Anti-Shiite sectarian violence is on the rise in the Islamic world, led by Abu Musab al-Zarqawi's followers.
Egyptians carry coffins of Shi'ite victims killed in sectarian violence, following funeral prayers in El Sayeda Nafisa Mosque in Cairo, June 24, 2013. Egypt's president, accused of fuelling sectarian hatred, promised swift justice on Monday for a deadly attack on minority Shi'ites as he tried to quell broader factional fighting to avoid a threatened military intervention. REUTERS/Amr Abdallah Dalsh  (EGYPT - Tags: POLITICS CIVIL UNREST RELIGION) - RTX10ZE4

A rising wave of extreme anti-Shiite sectarian violence is sweeping the Islamic world from Beirut to Bahrain and from Baghdad to Baluchistan. The mass slaughter of Shiites at the hands of extreme Sunni groups like al-Qaeda in Iraq and Lashkar-e-Jhangvi in Pakistan is unprecedented in modern Islamic history. Not since the Saudi and Wahhabi sack of Najaf and Karbala in 1806 has sectarian violence in the Middle East been this extreme.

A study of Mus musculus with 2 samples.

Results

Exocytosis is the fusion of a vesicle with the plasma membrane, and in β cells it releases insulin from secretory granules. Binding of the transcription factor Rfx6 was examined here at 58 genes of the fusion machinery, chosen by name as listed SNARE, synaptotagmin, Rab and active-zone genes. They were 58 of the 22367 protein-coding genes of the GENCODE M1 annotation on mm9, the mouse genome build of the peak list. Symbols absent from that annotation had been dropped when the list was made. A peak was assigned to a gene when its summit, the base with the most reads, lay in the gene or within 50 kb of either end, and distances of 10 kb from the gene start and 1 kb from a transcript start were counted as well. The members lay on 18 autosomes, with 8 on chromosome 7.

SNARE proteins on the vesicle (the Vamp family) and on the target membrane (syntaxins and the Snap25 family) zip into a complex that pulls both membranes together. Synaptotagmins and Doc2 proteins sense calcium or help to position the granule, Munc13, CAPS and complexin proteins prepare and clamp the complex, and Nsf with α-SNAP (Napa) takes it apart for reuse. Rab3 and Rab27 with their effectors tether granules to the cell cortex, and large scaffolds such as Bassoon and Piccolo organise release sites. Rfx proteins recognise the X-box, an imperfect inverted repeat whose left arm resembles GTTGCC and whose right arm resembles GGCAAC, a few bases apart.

The origins of this wave of extreme sectarianism are many and Iran cannot escape some responsibility for the backlash. Iran and Hezbollah encouraged Shiite identity and sectarian animosity for decades. The Assad family in Syria created a sectarian state where Alawis dominated Sunnis for many years, and when they fought back, their cities, such as Hama, were shelled into submission. Saddam Hussein brutally crushed the Shiite intifada in Iraq in 1991. The Iranian and Hezbollah intervention in Syria this spring has exacerbated the tensions to the boiling point.